Economic Impact Study shows Race for Kansas is a Win for Kansas
Topeka, Kan., February 24, 2016: As legislators tackle the Kansas budget – a budget plagued with decreased tax revenues and increased obligations to schools, roads, KPERs and a host of state-funded programs, Kansas farmers, ranchers and agribusinesses have a suggestion … Pass legislation currently in the House of Representatives (HB 2537) that would allow Kansas racetracks to once again be economically viable – just as the state-owned casinos are.
“Through a legislative misstep in 2007, Kansas racetracks are taxed at a higher rate than other gaming businesses in Kansas. It is time to fix this mistake,” shares Kimberly Svaty, spokesperson for The Greater Kansas Racing Alliance.
While, privately operated, state-owned casinos are taxed at the rate of 22 percent, Kansas racetracks are taxed at 40 percent. This disparity went unnoticed until all of the Kansas racetracks closed in 2008 due to the fact they are not economically viable at the current 40 percent tax rate. With their closure, Kansas lost thousands of jobs and millions in economic impact. Kansas has the opportunity to regain these jobs and dollars if the legislature will create parity between casinos and racetracks in Kansas.
The great news for Kansas is that there is proposed legislation to correct the 2007 mistake and create a win-win opportunity. According to a recent economic impact study by Dr. Arthur P. Hall, the four racetracks in Kansas – The Woodlands in Kansas City; Wichita Greyhound Park in Wichita; Camptown Racetrack in Frontenac and Eureka Downs in Eureka, would create approximately 4,475 jobs based on economic analysis using IMPLAN economic modeling. Combined, Kansans who work at racetracks and to support them would generate an estimated $23 million in income, sales and personal property taxes for state and local units of government annually. In addition, it is estimated that racetrack owners will spend approximately $160 million to upgrade the current facilities – dollars spent in Kansas on materials, supplies, labor and services. On top of this, the racetracks still must pay their fair share – 22 percent of earnings which will generate several million additional dollars in tax revenue each year.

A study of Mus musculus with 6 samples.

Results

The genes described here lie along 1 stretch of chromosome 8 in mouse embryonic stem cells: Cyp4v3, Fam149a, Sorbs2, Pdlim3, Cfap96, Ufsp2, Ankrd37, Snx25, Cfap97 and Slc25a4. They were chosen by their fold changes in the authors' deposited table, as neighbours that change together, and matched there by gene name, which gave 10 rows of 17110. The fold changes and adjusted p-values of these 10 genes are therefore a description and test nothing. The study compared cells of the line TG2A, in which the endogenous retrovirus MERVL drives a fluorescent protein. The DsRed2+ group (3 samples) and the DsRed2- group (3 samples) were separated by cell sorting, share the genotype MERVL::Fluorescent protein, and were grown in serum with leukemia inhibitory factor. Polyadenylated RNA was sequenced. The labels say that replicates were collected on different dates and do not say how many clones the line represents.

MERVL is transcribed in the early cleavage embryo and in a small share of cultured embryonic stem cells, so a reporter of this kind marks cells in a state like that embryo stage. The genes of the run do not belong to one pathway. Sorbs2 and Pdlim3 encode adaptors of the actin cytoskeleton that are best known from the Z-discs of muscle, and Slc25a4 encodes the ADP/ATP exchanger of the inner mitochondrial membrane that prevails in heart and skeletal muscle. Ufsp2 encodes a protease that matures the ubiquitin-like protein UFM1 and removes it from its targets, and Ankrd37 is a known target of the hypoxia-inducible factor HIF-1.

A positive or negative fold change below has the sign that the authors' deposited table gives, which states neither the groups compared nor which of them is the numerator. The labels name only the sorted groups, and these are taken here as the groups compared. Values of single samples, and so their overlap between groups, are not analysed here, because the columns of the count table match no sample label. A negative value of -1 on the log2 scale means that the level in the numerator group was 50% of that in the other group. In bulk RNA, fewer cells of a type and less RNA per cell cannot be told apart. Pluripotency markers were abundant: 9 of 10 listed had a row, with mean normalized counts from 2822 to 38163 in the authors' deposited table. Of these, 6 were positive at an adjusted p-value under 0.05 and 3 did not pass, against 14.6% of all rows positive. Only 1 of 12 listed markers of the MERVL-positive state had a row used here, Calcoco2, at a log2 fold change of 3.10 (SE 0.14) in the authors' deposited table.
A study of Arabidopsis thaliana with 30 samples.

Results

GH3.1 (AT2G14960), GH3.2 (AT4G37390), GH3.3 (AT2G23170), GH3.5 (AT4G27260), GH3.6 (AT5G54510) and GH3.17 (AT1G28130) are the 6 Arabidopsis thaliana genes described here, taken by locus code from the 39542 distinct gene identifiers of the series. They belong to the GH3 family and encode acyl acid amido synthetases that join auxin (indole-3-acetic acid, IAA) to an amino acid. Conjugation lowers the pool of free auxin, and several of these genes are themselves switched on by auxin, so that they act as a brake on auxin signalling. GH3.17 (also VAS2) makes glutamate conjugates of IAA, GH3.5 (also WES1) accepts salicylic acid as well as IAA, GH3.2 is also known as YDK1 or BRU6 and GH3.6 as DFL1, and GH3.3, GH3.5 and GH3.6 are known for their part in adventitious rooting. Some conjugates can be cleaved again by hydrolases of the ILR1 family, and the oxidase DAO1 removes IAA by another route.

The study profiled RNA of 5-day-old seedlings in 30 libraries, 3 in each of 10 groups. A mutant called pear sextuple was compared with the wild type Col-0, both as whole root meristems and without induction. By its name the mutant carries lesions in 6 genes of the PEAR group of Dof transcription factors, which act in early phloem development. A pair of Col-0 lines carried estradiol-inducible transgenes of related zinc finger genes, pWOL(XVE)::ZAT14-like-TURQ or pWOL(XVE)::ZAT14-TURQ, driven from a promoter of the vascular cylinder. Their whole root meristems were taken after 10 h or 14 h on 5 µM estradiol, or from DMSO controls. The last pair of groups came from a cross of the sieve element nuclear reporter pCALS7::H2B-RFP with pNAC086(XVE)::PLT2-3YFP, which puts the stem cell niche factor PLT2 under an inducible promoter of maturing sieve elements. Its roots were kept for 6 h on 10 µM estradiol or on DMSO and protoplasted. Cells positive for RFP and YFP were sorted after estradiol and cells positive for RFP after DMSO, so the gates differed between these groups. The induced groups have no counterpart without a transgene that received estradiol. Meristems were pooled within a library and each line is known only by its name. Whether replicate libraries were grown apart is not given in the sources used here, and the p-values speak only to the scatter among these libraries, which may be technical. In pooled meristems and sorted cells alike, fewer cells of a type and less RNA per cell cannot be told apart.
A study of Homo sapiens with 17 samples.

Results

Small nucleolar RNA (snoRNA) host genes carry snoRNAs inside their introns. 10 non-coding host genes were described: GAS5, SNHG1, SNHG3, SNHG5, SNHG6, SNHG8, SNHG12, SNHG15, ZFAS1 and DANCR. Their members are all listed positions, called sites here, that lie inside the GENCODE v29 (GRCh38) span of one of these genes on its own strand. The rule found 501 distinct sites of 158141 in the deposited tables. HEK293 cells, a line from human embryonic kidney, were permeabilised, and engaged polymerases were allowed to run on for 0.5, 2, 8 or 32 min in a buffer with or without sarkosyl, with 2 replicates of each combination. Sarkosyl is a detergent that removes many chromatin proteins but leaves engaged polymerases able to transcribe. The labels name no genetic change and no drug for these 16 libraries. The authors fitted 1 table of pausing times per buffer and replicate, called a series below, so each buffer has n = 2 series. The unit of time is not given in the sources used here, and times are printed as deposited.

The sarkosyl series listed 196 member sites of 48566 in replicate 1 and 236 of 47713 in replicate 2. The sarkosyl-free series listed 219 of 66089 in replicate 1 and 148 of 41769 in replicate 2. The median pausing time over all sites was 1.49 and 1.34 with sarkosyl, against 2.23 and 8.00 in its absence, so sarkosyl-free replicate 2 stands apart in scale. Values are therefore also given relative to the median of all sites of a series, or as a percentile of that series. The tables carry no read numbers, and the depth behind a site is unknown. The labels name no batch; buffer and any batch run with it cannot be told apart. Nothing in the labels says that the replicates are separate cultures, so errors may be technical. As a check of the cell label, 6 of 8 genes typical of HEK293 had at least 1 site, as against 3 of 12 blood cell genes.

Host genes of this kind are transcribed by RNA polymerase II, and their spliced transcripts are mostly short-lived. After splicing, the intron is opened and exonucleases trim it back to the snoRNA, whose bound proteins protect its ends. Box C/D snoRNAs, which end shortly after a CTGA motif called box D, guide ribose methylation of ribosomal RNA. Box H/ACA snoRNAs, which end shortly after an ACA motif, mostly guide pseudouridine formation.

“While there has been much debate recently on how well the Kansas economy is doing – as a stand-alone measure or compared to other states and the U.S., one thing is for certain, Kansas is in no position to turn down jobs, dollars invested in Kansas and Kansas tax dollars – especially when the businesses are asking for no state or local economic incentives to invest in Kansas,” Ms. Svaty went on to say.
“Since creating an economic environment in Kansas that closed Kansas racetracks in 2008, Kansas has lost thousands of jobs, hundreds of horses and millions of dollars. We see a prime opportunity for Kansas to close its budget gap and reduce unemployment even further – pass HB 2537,” shared Kansas rancher Jeff Rutland.
Kansas legislators will have an opportunity to hear from Dr. Hall and proponents of Race for Kansas at an informational hearing to be held on Wednesday, March 2 in the Old Supreme Courtroom at the Kansas Statehouse. Following the hearing, Dr. Hall’s full study will be available on the Race for Kansas web site.
For more information, to see the full economic impact study and to support the movement, visit www.RaceForKansas.com.
Race for Kansas, an initiative of the Greater Kansas Racing Alliance, supports rural agriculture and community economic development in Kansas. This initiative supports legislation that will create 4,475 jobs for Kansans, supports Kansas farms and businesses, generates Kansas tourism and helps solve the budget gap in Kansas.